Tuesday, July 24, 2012

Exchange Traded Funds: Caveat Emptor

Some 1,476 exchange traded funds (ETFs) hold $1.2 trillion in assets, and this asset category has been among the fastest growing in the investment industry.  It's a category where the three leading ETF sponsors--BlackRock, Vanguard, and State Street--control about seventy-five percent of the assets in the funds.  The top ten ETFs comprise about one-third of the category's assets, suggesting an average of $40 billion per fund.

On the other end, one half of the funds have less than $50 million in assets, which is not a strong enough asset base to provide the infrastructure and analytical support to provide a sustained, superior value to the offerings of the Big Three.  It doesn't mean that there isn't a gem in here somewhere, but it's not very likely.  Most of these funds need to go away, and they probably will as the industry shakes out.

The emerging segment of active ETFs comprise a tiny sliver (0.6%) of assets under management, and it is this segment which really should be the playground for hedge funds and not for the individual investor facing informational disadvantages and mean-reverting market returns.

The Vanguard Standard and Poor's 500 Index ETF has about $102 billion in net assets at the end of 2011.  Its expense ratio is a pretty compelling five basis points! This product offering is the fulfillment of John's Bogle's gospel preached since he founded Vanguard.  The only thing an investor has to watch with this fund is the tracking error and some other simple statistics. Everything runs according to the manual, and there is a decent history over which the investor can monitor its performance.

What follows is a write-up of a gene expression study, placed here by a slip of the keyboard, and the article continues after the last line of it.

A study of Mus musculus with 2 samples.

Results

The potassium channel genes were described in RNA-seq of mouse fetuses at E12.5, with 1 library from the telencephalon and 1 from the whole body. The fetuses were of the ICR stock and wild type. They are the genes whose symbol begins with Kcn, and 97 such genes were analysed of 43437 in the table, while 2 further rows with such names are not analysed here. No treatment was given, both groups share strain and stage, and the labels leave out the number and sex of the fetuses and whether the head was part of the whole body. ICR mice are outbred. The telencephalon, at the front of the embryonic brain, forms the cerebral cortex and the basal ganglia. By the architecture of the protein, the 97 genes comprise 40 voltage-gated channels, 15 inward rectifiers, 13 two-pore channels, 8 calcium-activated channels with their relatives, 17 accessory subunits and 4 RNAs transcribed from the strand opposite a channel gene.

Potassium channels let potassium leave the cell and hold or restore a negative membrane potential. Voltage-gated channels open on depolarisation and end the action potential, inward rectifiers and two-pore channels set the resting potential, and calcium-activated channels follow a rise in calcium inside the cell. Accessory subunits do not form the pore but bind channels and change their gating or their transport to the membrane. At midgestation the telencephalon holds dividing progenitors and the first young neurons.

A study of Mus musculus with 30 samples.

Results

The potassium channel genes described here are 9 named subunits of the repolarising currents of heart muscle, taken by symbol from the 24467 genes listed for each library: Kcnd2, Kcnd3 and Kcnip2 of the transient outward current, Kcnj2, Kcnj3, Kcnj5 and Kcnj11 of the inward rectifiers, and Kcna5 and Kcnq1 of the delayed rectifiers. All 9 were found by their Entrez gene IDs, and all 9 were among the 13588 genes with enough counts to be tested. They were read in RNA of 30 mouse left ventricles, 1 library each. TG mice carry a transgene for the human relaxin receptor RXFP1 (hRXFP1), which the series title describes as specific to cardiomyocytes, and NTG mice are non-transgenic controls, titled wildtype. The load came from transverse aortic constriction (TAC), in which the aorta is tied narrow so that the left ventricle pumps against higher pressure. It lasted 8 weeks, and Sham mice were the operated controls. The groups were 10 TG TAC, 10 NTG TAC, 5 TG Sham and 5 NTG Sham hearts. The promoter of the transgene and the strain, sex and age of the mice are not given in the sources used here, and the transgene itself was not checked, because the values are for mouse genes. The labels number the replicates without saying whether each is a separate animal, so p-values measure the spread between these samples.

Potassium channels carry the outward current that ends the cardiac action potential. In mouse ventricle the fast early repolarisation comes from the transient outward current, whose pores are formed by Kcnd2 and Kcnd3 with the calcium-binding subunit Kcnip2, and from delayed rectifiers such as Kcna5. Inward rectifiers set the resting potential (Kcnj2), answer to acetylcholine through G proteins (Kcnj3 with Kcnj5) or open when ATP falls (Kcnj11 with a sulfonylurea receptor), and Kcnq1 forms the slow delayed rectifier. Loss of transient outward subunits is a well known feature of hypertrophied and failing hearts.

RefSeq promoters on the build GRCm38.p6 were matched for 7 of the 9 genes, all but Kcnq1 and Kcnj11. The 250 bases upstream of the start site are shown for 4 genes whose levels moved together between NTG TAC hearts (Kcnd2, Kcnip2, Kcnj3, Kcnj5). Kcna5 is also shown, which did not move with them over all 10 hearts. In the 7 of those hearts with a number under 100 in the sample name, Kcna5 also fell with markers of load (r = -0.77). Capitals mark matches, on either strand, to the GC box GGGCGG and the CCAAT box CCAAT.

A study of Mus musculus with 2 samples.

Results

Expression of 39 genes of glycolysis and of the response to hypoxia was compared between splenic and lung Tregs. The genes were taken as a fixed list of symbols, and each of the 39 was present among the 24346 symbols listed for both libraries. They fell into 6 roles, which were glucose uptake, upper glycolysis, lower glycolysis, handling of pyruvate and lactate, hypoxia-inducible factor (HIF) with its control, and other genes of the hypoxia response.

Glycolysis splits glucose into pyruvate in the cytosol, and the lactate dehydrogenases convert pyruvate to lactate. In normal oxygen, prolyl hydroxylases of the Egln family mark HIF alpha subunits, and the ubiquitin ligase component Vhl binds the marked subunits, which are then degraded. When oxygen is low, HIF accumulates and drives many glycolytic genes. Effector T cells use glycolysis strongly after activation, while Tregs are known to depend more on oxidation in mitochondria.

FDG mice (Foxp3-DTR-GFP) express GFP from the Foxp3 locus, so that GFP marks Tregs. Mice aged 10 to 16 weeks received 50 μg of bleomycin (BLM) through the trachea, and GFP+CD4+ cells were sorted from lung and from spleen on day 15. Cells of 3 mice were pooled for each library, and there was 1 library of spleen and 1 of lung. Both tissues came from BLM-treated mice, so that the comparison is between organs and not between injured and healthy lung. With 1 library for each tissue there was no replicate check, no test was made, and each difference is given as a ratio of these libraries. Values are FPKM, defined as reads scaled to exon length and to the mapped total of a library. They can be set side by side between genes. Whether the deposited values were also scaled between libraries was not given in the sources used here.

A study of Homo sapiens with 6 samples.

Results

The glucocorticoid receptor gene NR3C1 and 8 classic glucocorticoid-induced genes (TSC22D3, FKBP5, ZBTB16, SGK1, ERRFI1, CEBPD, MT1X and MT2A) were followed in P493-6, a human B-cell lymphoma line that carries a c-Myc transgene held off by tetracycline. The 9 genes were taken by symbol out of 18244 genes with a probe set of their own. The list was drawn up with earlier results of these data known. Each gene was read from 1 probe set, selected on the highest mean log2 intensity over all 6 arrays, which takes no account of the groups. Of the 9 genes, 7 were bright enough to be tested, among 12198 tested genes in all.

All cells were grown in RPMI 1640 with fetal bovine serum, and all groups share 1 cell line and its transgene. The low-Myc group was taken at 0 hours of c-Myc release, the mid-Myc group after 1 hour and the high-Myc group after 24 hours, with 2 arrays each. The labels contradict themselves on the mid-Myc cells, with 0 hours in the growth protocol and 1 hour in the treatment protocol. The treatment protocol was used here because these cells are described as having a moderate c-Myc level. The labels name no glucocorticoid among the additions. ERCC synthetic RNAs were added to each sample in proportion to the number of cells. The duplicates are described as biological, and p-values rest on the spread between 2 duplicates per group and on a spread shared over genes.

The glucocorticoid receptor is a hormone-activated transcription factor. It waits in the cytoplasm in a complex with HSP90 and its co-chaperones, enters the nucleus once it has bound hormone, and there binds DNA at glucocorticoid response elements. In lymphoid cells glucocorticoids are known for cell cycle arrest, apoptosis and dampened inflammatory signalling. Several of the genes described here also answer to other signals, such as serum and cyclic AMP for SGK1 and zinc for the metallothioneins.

Entering the land of active ETFs, there are plenty of mirages and land mines for the individual investor.  Pimco's actively managed Total Return Bond Fund (PTTRX) with assets of some $264 billion carries an expense ratio of 46 basis points.  Pimco's actively managed Total Return ETF (BOND) launched on March 1, and its assets are already at $2 billion from a standing start. An investor might reasonably assume that BOND would track PTTRX somewhat closely and that the portfolio composition and performance of the two funds should be close. 

The opposite seems to be true.  Since BOND is relatively tiny, Bill Gross who manages both funds, can be very nimble with the ETF, whereas with the Total Return Fund, he "is the market." As of July 16h, the Wall Street Journal reports that BOND returned 7.7% compared to an otherwise fine 4.2% for the open ended mutual fund PTTRX.  The correlation between the two funds is relatively low. 

The ETF is not permitted by the SEC to use derivatives, which are a big feature of PTTRX.  How should the investor compare the relative risk of the two funds?  In principle, PTTRX might be more or less risky, but the only picture the investor gets is a snapshot market value of all the swap, forwards, and futures positions as of the balance sheet date.  The out performance of the ETF could also reverse itself, since the portfolio compositions are meaningfully different enough. 

Also, the ETF reports its positions monthly, so this will lead to all manner of retail research advocating trading ETFs on some momentum-based strategies.  It will mean whipsawing the retail investor and raising her costs.  For hedge funds and portfolio lending, the ETF segment will provide some nice profit and arbitrage opportunities.

There is so much academic research and industry experience about the perverse, self-defeating behavior of individual investors in stocks and mutual funds.  With these new, more nuanced products, they need to take a cautious and jaundiced view.